Prayer accompanied me as a constant and unshakable companion during my youth. By attending Jewish days schools and camps, I essentially agreed to forfeit about an hour per day to boredom. Initially, I dreaded prayer. It stretched out forever. I sat in synagogue and continuously redirected my gaze between the clock and the foreign words before me. Prayer became the obstacle to breakfast with friends at school or the night activity at camp.
Yet while prayer remained fixed, my relationship to prayer evolved along with me. As a teenager, I accepted prayer as a constant in my life. In fact, prayer occasionally generated moments of meaning and connection for me. Nevertheless, my attitude toward prayer rarely exceeded toleration. As the end of high school neared, I decided to learn in yeshiva in Israel for a gap year and resolved to seize the opportunity to delve into prayer. Prayer did not develop into the central institution of a storied tradition that survived two millennia by mere accident. It provided structure, meaning, and hope to a wandering nation in the face of exile and uncertainty. Perhaps my struggles emanated not from prayer’s deficiencies, but from my own. I hoped that investing in prayer would repay me with years of meaning and spiritual connection.
In yeshiva, I identified three general approaches to the efficacy of prayer. The most basic, intuitive approach is that prayer changes God’s decree. This approach draws from basic intuition—we ask to receive—and biblical precedent. Most notably, Moses successfully convinced God to relent and not destroy the Israelites following the Sin of the Golden Calf. However, this approach poses a serious theological difficulty. Adherents to this approach must assert that either humans affect an all-knowing God or that God lacks knowledge. Furthermore, Jewish prayer encompasses sections of supplication, praise, and thanksgiving. Praying to change God’s decree explains supplication. However, in this approach, praise or thanksgiving can only serve to flatter God in an attempt to change God’s decree, which assumes an unsophisticated view of God. The second approach solves these difficulties. In this model, prayer acts reflexively, positively impacting the one who prays. By changing, the person who prays merits a new divine decree. This approach also explains the different models of prayer. Supplication, praise, and thanksgiving all impact the one who prays. Many medieval commentators adopted some variation of this stance. The third approach, like the second approach, sees prayer as a vehicle to drive personal change. However, unlike the second approach, the third approach views personal change as the end goal. This approach provides a tangible yardstick to measure the benefits of prayer.
After yeshiva, I mostly identified with the third approach. It transformed prayer into a religious, yet tangible, medium for change. I no longer relied upon the distant and imperceptible intercession of God to find meaning in prayer. Supplication forced me to revisit and reorder my priorities. Thanksgiving kindled sparks of gratitude. Praise opened my eyes to the world’s wonder and beauty. Nevertheless, something felt wrong. My attempts to construe prayer as a self-improvement exercise twisted and pigeonholed prayer into an unnatural state. Why request something when the response was irrelevant? What role did God play? What differentiated my prayers from mindfulness meditation?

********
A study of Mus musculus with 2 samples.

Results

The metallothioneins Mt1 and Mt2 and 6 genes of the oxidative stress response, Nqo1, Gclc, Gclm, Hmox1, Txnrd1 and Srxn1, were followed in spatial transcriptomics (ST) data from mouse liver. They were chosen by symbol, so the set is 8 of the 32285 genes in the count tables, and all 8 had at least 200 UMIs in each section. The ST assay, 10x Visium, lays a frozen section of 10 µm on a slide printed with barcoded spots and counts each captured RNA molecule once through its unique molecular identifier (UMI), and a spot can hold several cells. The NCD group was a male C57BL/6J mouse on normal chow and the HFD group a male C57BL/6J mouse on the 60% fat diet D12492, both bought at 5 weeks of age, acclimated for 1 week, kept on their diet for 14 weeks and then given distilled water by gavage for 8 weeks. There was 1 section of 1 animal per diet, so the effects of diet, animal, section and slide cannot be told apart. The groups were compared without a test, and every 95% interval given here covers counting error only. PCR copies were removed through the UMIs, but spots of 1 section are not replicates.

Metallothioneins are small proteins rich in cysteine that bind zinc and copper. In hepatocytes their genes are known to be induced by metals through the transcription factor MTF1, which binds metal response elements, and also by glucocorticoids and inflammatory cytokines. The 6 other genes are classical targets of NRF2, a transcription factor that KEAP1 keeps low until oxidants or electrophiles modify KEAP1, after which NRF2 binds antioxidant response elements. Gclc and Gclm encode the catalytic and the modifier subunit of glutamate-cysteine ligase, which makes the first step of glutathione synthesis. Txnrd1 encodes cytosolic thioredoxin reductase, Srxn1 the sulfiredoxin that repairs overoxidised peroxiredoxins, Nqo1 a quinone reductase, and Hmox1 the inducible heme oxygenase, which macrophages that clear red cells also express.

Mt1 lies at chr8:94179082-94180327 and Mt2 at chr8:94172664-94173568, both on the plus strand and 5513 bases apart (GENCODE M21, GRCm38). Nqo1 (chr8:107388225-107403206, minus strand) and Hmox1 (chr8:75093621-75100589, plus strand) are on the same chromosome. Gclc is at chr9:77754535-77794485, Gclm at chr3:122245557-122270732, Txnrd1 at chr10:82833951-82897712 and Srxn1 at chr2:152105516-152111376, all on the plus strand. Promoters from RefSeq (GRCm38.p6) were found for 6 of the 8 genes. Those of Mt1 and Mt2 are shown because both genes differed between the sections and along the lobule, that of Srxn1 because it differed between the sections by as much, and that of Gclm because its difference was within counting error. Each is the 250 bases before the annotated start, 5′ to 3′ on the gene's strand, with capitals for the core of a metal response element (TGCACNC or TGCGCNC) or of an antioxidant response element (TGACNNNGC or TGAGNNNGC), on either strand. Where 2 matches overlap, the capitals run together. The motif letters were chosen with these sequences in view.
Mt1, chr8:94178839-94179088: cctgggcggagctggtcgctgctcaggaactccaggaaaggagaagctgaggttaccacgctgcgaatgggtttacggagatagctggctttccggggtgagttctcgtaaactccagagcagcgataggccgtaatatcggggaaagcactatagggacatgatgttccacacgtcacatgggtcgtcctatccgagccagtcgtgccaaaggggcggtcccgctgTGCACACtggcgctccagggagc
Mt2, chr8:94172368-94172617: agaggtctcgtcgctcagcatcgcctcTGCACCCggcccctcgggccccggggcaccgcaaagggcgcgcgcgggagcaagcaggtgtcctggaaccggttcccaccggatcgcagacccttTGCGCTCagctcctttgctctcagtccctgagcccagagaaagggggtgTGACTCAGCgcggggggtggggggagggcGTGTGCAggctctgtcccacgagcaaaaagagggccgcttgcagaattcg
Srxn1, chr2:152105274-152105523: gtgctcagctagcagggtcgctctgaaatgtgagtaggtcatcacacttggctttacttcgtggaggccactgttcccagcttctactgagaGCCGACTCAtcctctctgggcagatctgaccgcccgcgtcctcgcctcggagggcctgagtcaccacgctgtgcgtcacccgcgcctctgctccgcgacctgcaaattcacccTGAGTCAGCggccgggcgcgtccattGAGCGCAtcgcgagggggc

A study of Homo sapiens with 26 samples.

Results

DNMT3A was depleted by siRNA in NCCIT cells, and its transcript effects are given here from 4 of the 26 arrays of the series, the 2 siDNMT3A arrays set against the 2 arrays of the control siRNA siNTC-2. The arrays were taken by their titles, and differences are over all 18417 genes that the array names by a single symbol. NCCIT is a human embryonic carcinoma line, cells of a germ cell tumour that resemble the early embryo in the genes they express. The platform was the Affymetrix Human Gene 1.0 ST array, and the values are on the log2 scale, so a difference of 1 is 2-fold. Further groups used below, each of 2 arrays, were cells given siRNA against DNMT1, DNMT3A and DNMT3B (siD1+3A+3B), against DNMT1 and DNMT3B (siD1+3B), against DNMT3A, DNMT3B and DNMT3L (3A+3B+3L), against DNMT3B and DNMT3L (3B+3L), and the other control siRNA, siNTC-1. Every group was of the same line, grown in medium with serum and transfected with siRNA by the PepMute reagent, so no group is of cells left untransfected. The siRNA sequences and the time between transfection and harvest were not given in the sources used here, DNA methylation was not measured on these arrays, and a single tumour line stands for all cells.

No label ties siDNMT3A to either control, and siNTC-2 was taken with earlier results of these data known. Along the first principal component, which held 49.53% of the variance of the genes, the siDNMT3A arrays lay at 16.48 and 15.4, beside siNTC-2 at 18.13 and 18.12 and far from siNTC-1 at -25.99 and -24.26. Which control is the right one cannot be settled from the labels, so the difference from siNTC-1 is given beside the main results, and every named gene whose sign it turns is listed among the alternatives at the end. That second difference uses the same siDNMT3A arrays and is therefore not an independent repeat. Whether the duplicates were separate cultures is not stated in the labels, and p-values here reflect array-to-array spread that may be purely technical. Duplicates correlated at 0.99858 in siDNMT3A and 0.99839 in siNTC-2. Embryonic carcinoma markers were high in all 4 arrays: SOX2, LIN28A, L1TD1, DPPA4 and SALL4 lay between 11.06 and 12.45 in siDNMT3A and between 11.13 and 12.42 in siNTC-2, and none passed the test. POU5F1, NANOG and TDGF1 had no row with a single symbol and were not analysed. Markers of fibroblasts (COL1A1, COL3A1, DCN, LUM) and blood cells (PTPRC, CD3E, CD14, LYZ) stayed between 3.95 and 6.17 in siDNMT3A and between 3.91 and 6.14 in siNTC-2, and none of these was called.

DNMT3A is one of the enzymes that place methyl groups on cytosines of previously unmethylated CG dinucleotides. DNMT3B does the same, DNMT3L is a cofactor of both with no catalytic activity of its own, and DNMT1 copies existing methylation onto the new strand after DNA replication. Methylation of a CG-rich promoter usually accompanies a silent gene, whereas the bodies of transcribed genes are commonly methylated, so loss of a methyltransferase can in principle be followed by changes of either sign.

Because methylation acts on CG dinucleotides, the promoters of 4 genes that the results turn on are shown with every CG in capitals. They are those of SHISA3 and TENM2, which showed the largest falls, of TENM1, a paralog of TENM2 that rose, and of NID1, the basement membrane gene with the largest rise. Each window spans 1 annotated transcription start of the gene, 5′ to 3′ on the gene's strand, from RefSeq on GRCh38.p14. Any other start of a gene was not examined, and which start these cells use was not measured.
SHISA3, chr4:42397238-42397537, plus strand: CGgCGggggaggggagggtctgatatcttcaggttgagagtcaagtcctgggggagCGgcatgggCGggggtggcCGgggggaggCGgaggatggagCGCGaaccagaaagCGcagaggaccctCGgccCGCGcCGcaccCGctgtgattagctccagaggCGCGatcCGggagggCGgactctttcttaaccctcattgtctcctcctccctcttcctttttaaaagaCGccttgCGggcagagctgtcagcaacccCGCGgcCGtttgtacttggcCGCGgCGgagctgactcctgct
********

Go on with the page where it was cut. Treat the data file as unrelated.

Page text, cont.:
These struggles motivated me to develop a more holistic approach to prayer. A couple of realizations jolted me into a different mindset. First, I noticed prayer’s universal nature. Many religions incorporate a variation of prayer. But, on a more fundamental level, prayer girds a human being’s natural instincts, prompting the saying that “there are no atheists in a foxhole.” Second, I realized that utilitarianism motivated my journey into prayer. Until that point, I only asked “what could prayer do for me?”
These realizations led me to define prayer as a human’s expression of their humanity. This approach grants prayer importance irrespective of its utilitarian value. It is valuable in and of itself. The one who prays asserts that a Benevolent Benefactor sustains the world. They spill out the recesses of their soul in a cathartic upheaval, asserting that their struggles and deepest thoughts merit the concern of the Perfect One. They stubbornly affirm the meaning of their struggles and doubts. They declare in a fit of radical amazement that the earth and its fullness abound with wonder. They reject the doctrine that an indifferent, cold-hearted fate allotted their portion. Rather they believe with all their heart in the fundamental goodness of creation and the gratitude owed to the Ultimate Orchestrator. Prayer is the raw, instinctual cry of the meaning-seeking animal plunged into a flawed and uncertain world. To pray is to be human.
Yes, the utilitarian aspects of prayer retain their importance. The ability to change God’s decree—in whatever fashion—and the person who prays provides added significance and meaning to prayer. Prayer lacks without these aspects. However, these utilitarian concerns describe what prayer does, not what prayer is. Furthermore, despite my rapturous description of prayer, I admit that often prayer is boring. Yet that admission supports my thesis that prayer represents the essential expression of humanity. The mundane underlies the bulk of the human experience, and so the hope for constant adrenaline and excitement represents a certain naivete about life. The monotony of prayer does not detract from the profundity of its assertions. God is not found in the wind or the fire, but in the still, small voice. I pray to express the lofty and sublime in my still, small, human voice.